Lion Air crash: Indonesia aviation disaster is world's deadliest of the yearOctober 30, 2018
The Java Sea crash, which claimed the lives of 189 people, is the second worst in the Southeast Asian country since 1997.
By Carmen Aguilar Garcia, data journalist, and Ajay Nair, news reporter
The Lion Air tragedy in Indonesia is the deadliest plane crash this year, with all 189 people on board presumed killed.
The second-worst was in May when an aviation disaster in Cuba claimed the lives of 112.
Including Monday’s tragedy in the Java Sea, a total of 551 people have died in commercial plane crashes around the world so far this year in 14 fatal air accidents.
The number of deaths is about 3% higher than the annual average over the past decade – 537, according to Aviation Safety Network data.
Between 2007 and 2017, the number of accidents in commercial flights dropped by 76%, with last year turning out to be the safest year of decade.
It saw 44 deaths in 10 accidents, which mean less than one accident per million flights.
:: Lion Air: A look at Indonesian airline’s deadly past
2007 and 2014 registered the highest rate of mortality, with almost 30 deaths per million flights.
This is mainly due to the 400 people who died in separate accidents in Brazil, Cameroon and Indonesia in 2007, and more than 500 people who died in two Malaysia Airlines crashes in 2014.
:: Air crash deaths in Indonesia
Monday’s crash was Indonesia’s second-worst plane disaster. The most tragic was a crash in September 1997, with 234 lives lost.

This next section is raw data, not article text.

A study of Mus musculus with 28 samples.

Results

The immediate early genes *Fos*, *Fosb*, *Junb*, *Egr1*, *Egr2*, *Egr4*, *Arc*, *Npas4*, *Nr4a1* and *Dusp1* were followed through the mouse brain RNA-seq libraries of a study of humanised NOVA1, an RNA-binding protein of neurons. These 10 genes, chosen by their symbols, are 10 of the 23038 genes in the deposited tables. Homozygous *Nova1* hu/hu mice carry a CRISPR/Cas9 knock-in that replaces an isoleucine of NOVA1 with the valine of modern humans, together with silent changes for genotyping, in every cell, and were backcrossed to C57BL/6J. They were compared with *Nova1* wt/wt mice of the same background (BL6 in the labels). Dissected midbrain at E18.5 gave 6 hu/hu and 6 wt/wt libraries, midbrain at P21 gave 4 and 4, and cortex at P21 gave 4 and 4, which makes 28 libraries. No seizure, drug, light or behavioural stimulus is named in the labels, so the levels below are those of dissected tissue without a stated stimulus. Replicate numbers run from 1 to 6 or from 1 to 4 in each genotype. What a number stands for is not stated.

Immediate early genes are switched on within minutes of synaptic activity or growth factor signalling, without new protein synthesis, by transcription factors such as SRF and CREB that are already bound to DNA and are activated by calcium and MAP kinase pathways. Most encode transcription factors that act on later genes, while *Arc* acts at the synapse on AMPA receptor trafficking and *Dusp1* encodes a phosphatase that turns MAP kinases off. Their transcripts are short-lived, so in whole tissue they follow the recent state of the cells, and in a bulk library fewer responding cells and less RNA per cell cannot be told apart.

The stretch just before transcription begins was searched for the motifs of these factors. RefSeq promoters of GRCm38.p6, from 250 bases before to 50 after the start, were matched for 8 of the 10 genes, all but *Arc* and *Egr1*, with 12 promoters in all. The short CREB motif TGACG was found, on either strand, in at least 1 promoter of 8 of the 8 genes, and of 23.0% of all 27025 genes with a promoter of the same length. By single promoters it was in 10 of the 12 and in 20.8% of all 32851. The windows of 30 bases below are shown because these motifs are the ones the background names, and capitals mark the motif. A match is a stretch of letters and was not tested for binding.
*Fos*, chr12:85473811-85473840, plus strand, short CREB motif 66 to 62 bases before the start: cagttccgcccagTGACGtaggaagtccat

When it comes to air safety, the country has had a “chequered past”, according to Shukor Yusof of aviation consultancy Endau Analytics.
He said: “Indonesia needs help. Many factors have to be looked into, including the air traffic management system, maintenance, training and so on, to cope with a rapid increase in the number of planes and passengers each year.”
Between 1991 and 2017, Indonesia has had air accidents every year – 23 out of the 28 years of this period resulted in fatalities.
European Commission spokesman Enrico Brivio said there had been “no indications safety levels at Lion Air or the safety oversight in Indonesia” was deteriorating.
However, he said the commission would look into the results of the investigation into Monday’s crash.
Numbers of fatalities and fatal accidents relate to passenger and cargo commercial flights certified for more than 14 passengers (including suicide, sabotage, hijacking).